Worries Tinge Success for Biola's Kovacic

February 26, 1991|MITCH POLIN

For the first time since he arrived from Yugoslavia four years ago, Emilio Kovacic is excited about the direction of his college basketball career.

Since transferring to Biola University from Arizona State after last season and becoming eligible to play in late December, the 23-year-old junior has already established himself as one of the premier players in District 3 of the National Assn. of Intercollegiate Athletics.

But Kovacic, a 6-foot-10, 230-pound center, has had his mind on more pressing matters most of the season.

He is concerned about the prospect of a civil war in Yugoslavia and how it will affect his friends and family, who live in the Croatian seaport town of Zadar.

"The civil war may break out any week, so I am really living in fear for my friends and family," Kovacic said. "Everyone is predicting a civil war . . . and that's a very scary thought for me. It's on my mind on a daily basis. I read the newspapers from Yugoslavia and it's not pleasant hearing that kind of news."

It doesn't soothe his fears that he hasn't returned to his homeland in nearly a year and a half because he can't afford a round-trip plane ticket.

"I miss my family and my friends and it makes it even harder with the way it is there now," Kovacic said.

Basketball, though, has provided an important release.

"I try to clear my mind with basketball," he said. "(Playing basketball) helps me take my mind off it. I just try to take (my frustrations) out on the court."

Going into the District 3 playoffs, Kovacic is third in scoring at 19.2 points a game and second in rebounds at nine. In leading the Eagles to the best regular-season record in the district, he was also named District 3 player of the year.

Biola Coach Dave Holmquist is not surprised.

"He missed the first 11 games and we were playing well before he arrived, but I knew he'd do pretty well for us," he said.

In fact, Holmquist said, Kovacic has taken the team's inside game to another level.

"He can score, he's a good rebounder and he also gives us the shot-blocking dimension," Holmquist said. "That third area is something that we don't usually have, so that's a nice addition."

As a post player, though, Holmquist said Kovacic fits the model of a European player.

"He's good at facing the basket and that's more the European style," he said. "He's also very agile. He could really play a small forward for us because he's that mobile, but we've got him playing down (low)."

The coach said that Kovacic's success with the Eagles has a lot to do with his extensive background in the game.

Kovacic was a club player in Yugoslavia as a youth and played on the 1985 Yugoslav junior national team that won the European championship. Vlade Divac of the Lakers was the center on that team and Kovacic was his backup.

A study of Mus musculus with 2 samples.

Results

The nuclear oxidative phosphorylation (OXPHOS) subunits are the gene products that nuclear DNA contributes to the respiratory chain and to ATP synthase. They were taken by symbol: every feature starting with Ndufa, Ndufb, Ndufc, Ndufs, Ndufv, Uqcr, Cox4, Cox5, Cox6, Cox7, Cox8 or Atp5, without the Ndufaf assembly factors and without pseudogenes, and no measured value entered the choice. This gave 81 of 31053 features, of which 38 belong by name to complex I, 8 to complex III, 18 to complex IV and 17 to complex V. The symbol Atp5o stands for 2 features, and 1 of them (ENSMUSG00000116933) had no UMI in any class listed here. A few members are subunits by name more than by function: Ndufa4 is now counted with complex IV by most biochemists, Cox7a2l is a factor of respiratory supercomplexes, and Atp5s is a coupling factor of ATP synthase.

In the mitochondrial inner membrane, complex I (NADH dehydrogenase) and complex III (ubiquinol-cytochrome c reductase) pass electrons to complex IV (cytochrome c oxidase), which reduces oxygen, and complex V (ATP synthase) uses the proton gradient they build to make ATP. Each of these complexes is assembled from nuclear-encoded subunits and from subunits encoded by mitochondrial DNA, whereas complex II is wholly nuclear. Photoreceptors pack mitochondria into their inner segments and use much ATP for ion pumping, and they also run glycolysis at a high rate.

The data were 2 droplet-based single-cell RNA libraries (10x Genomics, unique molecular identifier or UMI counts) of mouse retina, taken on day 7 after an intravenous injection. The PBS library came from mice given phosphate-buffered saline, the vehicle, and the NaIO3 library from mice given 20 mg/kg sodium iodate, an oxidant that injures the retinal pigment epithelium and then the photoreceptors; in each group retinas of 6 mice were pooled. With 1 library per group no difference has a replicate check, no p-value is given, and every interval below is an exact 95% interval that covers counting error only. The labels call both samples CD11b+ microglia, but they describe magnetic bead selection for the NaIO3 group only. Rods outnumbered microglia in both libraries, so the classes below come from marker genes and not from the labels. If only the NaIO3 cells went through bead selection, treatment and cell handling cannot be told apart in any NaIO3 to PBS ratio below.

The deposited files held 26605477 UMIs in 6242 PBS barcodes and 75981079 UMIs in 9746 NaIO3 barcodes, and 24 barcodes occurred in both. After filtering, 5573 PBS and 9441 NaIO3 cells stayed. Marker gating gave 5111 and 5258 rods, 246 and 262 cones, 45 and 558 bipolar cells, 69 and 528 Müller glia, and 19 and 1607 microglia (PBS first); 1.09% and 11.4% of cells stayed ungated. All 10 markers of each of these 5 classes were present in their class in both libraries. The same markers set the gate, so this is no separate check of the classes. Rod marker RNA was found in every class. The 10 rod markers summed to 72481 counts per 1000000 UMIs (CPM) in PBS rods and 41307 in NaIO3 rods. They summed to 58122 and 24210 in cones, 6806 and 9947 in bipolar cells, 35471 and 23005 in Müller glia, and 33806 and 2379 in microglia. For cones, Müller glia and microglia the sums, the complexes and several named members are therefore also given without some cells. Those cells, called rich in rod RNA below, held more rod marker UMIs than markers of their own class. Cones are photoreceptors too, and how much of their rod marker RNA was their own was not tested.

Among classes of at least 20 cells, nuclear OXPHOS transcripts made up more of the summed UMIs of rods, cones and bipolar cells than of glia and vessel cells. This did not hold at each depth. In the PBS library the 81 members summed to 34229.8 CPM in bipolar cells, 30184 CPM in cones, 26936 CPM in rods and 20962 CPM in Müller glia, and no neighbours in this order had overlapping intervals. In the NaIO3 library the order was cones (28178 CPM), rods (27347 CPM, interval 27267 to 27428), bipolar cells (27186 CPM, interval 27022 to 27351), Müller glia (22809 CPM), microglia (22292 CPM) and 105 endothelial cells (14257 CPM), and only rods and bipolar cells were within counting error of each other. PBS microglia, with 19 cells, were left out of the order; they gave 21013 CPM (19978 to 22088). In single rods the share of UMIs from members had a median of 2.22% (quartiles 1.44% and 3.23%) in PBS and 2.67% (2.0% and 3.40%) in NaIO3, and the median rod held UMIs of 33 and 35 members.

His college career started at Grand Canyon in Phoenix, although he was first recruited by Arizona State.

"I was originally recruited by an Arizona State assistant, who came to Yugoslavia to watch me, and I thought it would be a good chance to come to school and study," he said.

Unfortunately for Kovacic, by the time he decided it was too late to enroll at Arizona State and be eligible for the 1987-88 season. So he opted to play for one season at Grand Canyon, an NAIA school that was coached by former NBA guard Paul Westphal.

In his only season with Grand Canyon, the team won the NAIA national title. Kovacic spent the following season as a redshirt at Arizona State. Then there was a coaching change.

"When I came originally, Steve Patterson was the coach but then Bill Frieder came in," he said. "It looked all right for me at first, but my playing time decreased and there were a number of other things that went into it. So I decided to leave (after the season). It's hard to play for a coach who didn't recruit you."

What started out with optimism for Kovacic ended in major disappointment.

"I wanted to play (NCAA) Division I ball, but it just didn't work out," he said. "I thought I could come in and play and I did at first, but as the season went on I played less and less."

He said Frieder stayed mostly with a seven-man rotation that didn't include Kovacic.

"If I was given an honest chance and I had a coach behind me I think I could play (in Division I)," Kovacic said. "But it was hard to play when every mistake you made you were looking behind your back. By the end of the season I started thinking about transferring and because of my eligibility I had to transfer to an NAIA school."

Kovacic said he wanted to transfer to a school in Southern California, where the climate was more comparable to his home in Yugoslavia. He picked Biola over Point Loma Nazarene and Southern California College.

It did not hurt that Biola happened to have Scott Mossman as one of its assistant coaches. Mossman also coached Kovacic at Grand Canyon.

Biola (25-6) is top-seeded in the District 3 tournament heading into a semifinal game Saturday against the winner of tonight's game between Southern California College and The Master's.